Agglomerate clustering begins with each element as a separate cluster and merges them into larger clusters.
There are three key questions need to be answered:
- How do we represent a cluster that has more than one point?
- How do we determine the nearness of clusters?
- When do we stop combining clusters?
Let’s assume that we have six data points in a Euclidean space. We’re dealing with X-Y dimensions in such a case.
How do we represent a cluster of more than one point?
Here, we will make use of centroids, which is the average of its points.
Let’s first take the points 1.2 and 2.1, and we’ll group them together because they’re close. For these points, we compute a point in the middle and mark it as (1.5,1.5). It’s the centroid of those two points.
Next, we measure the other group of points by taking 4.1 and 5.0. We set up a centroid of those two points as (4.5,0.5).
Once we have the centroid of the two groups, we see that the next closest point to a centroid (1.5, 1.5) is (0,0) and group them, computing a new centroid based on those three points. The new centroid will be (1,1).
We do the same with the last point (5,3), and it computes into the first group. You can see that the dendrogram on the right is growing. Now each of these points is connected. We group them, and finally, we get a centroid of that group, too, at (4.7,1.3).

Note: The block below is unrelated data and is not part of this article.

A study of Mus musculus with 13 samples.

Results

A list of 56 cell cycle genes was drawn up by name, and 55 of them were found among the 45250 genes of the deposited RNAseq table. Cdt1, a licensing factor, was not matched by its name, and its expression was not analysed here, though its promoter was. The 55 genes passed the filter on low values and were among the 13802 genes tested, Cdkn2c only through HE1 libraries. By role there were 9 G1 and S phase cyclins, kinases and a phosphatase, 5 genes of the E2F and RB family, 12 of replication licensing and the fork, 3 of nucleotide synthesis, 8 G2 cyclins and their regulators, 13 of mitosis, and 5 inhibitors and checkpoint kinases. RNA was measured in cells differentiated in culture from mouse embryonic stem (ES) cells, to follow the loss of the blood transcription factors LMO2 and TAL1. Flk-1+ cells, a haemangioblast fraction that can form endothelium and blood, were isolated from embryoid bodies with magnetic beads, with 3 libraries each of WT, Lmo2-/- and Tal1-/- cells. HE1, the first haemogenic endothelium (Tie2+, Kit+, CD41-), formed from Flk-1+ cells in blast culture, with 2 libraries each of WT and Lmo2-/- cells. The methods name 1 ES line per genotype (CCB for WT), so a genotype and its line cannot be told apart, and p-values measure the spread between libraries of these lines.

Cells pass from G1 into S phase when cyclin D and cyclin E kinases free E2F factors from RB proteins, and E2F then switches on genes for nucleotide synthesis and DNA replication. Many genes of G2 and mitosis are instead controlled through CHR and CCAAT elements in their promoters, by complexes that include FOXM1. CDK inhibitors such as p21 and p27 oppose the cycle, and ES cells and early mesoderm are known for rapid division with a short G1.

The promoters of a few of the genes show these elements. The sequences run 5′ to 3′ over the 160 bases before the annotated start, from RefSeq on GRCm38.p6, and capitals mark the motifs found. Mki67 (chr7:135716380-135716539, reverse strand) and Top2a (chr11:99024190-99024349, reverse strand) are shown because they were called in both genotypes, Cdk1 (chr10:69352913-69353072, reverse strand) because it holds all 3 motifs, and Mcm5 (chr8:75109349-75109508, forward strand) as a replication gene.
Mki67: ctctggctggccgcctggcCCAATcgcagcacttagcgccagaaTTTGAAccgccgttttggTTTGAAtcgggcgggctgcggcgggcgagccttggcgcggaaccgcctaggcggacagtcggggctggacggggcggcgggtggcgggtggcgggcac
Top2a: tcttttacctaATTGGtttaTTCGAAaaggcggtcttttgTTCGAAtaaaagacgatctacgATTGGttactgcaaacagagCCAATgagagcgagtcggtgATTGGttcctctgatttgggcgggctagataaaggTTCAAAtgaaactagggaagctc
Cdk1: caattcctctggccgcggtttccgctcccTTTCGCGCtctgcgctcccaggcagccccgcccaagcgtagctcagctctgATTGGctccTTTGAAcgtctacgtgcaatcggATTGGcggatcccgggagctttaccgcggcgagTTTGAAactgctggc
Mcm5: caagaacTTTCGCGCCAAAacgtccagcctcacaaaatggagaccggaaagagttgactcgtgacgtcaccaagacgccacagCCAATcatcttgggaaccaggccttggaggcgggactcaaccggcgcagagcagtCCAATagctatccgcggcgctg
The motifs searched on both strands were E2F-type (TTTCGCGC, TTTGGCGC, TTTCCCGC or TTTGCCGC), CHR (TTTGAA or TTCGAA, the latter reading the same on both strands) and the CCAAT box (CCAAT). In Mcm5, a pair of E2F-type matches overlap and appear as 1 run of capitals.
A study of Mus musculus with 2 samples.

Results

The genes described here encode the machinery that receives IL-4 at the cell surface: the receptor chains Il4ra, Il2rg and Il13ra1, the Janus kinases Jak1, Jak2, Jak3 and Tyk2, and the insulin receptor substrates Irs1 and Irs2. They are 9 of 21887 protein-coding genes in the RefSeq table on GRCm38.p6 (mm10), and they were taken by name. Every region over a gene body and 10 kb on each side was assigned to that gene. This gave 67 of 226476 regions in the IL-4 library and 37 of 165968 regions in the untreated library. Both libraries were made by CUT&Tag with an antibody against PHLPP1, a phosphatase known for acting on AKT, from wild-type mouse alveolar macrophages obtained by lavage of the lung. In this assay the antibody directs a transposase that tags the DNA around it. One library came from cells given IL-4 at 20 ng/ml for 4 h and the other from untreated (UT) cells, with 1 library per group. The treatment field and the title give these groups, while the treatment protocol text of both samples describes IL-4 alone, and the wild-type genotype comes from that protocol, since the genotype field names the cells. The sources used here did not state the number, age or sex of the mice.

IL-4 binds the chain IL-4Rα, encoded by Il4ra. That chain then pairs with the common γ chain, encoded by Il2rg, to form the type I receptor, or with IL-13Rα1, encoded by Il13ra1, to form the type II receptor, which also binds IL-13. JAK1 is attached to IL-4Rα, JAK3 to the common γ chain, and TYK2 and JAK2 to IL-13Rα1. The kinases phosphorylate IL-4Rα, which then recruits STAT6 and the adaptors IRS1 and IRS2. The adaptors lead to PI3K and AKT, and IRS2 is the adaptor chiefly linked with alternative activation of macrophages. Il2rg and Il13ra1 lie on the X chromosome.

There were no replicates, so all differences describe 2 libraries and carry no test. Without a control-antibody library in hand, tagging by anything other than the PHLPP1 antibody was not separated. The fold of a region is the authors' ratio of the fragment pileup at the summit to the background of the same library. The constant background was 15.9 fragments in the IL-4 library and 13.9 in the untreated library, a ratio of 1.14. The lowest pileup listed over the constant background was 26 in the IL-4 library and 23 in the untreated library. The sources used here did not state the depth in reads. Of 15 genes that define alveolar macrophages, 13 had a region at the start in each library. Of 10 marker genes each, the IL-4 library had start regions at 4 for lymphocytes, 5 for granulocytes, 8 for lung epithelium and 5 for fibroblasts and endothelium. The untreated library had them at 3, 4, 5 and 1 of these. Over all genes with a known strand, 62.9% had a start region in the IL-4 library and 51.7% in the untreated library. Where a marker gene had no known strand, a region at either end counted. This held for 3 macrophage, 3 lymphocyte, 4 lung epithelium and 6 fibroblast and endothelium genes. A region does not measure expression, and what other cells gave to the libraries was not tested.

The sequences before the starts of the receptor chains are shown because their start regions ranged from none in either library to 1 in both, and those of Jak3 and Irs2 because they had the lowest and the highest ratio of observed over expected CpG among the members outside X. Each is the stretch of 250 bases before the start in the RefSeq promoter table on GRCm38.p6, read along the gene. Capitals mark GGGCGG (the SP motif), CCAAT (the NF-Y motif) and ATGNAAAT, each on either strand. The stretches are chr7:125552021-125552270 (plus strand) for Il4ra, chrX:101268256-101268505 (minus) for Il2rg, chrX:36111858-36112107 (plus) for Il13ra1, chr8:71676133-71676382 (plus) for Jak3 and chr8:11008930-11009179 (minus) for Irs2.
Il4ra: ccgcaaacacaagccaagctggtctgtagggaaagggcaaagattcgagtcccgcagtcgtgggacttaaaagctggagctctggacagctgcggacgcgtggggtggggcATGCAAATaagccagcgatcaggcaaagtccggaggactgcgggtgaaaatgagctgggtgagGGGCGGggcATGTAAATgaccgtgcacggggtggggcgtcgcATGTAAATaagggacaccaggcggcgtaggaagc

Finally, we combine the two groups by their centroids and end up with one large group that has its centroid. Usually, we don’t compute the last centroid; we just put them all together.
Now that we’ve resolved the matter of representing clusters and determining their nearness, when do we stop combining clusters?
There are many approaches you can take:
Approach 1: Pick several clusters(k) upfront
When we don’t want to look at 200 clusters, we pick the K value. We decide the number of clusters (say, the first six or seven) required in the beginning, and we finish when we reach the value K. This is done to limit the incoming information.
That can be very important, especially if you’re feeding it into another algorithm that requires three or four values.
Possible challenges: This approach only makes sense when you know the data well. When you’re clustering with K clusters, you probably already know that domain. But if you’re exploring brand new data, you may not know how many clusters you need.
Approach 2: Stop when the next merge would create a cluster with low cohesion.
We keep clustering until the next merge of clusters creates a bad cluster/low cohesion setup. That means the point is so close to being in both the clusters that it doesn’t make sense to bring them together.
Approach 3.1: Cluster’s Diameter
Diameter is the maximum distance between any pair of points in the cluster. We finish when the diameter of a new cluster exceeds the threshold. We don’t want the two circles or clusters to overlap as that diameter increases.
Approach 3.2: Cluster’s radius
Radius is the maximum distance of a point from the centroid. We finish when the radius of a new cluster exceeds the threshold.
Let us now discuss another type of hierarchical clustering i.e. divisive clustering.